The Triple P Approach to Neurologists
In my last post, I talked about the importance of being able to express emotions and then move on. As part of this process, I crafted this post in an attempt to voice my frustrations following some very challenging appointments with neurologists. I acknowledge my tone may sound irreverent. However, please note I neither intend to show disrespect to any specific neurologists, nor the specialty in general – humour is simply my coping mechanism and I hope that any neurologists reading this can laugh along too.
Move over Matt Sanders. You may have unlocked the secrets to giving parents simple and practical strategies to help them confidently manage their children’s behaviour, but you haven’t yet tackled the much more challenging subspecies of humans: Homo neurologists.
These creatures are renowned, even amongst their closely related kin, Homo medical specialists, for being one of the most difficult creatures, firstly to locate and then to tame. Typically, it takes months to secure access to one specimen. Upon the first encounter, their temperament can be unpredictable, despite the significant entrance fee they command. Furthermore, they frequently insist upon subjecting those who dare to invade the murky depths of their territory (medical suites) to a wide and bizarre range of experiments, generally involving either electricity or magnetism (and occasionally the removal of bodily fluids from the spinal cord). Again, it is necessary to part with vast sums of money in order to conduct these tests, which are required if you wish to come face to face with your selected Homo neurologist a second time. Subsequent engagements tend to involve ruminations over the results of the said battery of electrical/magnetic/spinal cord tests. However, these musings are rarely in a form comprehensible to normal human beings, so it is advisable to get everything in writing for later translation by one of their more approachable cousins Homo general practitioner (whose prevalence is greater and who don’t charge such exorbitant admission prices).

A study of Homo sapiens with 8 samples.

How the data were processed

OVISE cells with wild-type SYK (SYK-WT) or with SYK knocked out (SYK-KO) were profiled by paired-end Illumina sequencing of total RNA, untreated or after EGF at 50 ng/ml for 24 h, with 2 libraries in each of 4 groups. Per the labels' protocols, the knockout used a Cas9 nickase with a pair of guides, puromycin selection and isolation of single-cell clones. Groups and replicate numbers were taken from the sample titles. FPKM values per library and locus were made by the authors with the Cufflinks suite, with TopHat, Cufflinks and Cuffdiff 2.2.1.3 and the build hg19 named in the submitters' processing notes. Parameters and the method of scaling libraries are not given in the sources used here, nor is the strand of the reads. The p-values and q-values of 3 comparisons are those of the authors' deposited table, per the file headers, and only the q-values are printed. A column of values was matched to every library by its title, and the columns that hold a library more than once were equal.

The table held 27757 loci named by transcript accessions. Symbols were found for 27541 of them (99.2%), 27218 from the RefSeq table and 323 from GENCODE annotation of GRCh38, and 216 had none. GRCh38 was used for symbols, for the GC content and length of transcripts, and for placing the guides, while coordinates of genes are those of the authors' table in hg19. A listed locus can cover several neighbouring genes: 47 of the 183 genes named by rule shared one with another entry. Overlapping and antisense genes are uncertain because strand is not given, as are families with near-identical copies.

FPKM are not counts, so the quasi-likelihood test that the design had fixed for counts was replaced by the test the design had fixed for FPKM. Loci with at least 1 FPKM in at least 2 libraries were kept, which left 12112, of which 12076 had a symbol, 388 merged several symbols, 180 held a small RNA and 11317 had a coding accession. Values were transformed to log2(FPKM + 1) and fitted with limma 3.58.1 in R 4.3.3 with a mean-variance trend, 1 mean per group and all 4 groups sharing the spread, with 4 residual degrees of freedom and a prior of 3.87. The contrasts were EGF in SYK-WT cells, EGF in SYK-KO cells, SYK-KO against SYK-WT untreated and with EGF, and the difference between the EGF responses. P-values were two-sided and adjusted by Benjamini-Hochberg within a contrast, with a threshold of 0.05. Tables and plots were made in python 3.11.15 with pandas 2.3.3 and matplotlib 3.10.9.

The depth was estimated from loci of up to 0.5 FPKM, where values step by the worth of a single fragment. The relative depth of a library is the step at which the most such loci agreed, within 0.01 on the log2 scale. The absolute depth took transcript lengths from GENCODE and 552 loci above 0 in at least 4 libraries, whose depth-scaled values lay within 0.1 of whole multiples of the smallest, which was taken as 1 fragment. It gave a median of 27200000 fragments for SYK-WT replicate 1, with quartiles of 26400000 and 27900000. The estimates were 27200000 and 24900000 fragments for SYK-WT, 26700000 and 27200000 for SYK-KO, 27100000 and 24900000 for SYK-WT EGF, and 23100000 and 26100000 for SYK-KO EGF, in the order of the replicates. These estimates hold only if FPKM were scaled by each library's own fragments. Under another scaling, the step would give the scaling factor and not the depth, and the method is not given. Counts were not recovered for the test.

In the lead up to, and during a visit to a Homo neurologist, I advise my proven and patented Triple P approach: preparation, patience and persistence.
1) Preparation: A homo neurologist tends to be quite confident of its own intellect. This may lead to it spurning the medical opinion of others of its own, and closely related, species. Normal human beings (even with PhDs) don’t stand a chance. Occasionally though, when the stars align, it has been known, for one homo neurologist to convince another that their interpretation is correct. If this concurs with your own analysis, you may be in with a chance. At this point, it will be crucial to have on hand an absolute arsenal of peer-reviewed publications backing up your own analysis, but the key is to apply this medical documentation delicately and sparingly because an overwhelmed homo neurologist may not react favourably. Which brings me to my next point.
2) Patience: Should you chance upon a bad-tempered homo neurologist, keeping them on your side is going to require a level of tolerance and peace-keeping expertise that would challenge even Kofi Annan. Do not expect answers straight away. They may come, they may not. If not, start over with another specimen. Don’t, under any circumstances, expect any sympathy. Just be grateful if you aren’t in tears by the end.
3) Persistence: Homo neurologists are notorious for their unpredictability. No two creatures will ever provide the same output given identical input data. Moreover, there may be considerable variation in reactions over multiple encounters with the same individual, or even during one appointment. Responses may be recalled and amended at any point. The key here is, keep probing. At some point you will spot a weakness in their armour and can exploit it.
Another word of warning here. The primary keepers of and fee takers for a Homo neurologist (generally of the breed Homo receptionists) are often of similarly variable disposition. It is unadvisable to expect any sympathy from these beings either.
In summary, it is prudent, for the sake of your mental health, to minimize the number and duration of encounters with individuals from this species. However, if unavoidable, I strongly urge you to employ the useful strategies outlined in the above Triple P methodology to produce optimal behavioural results.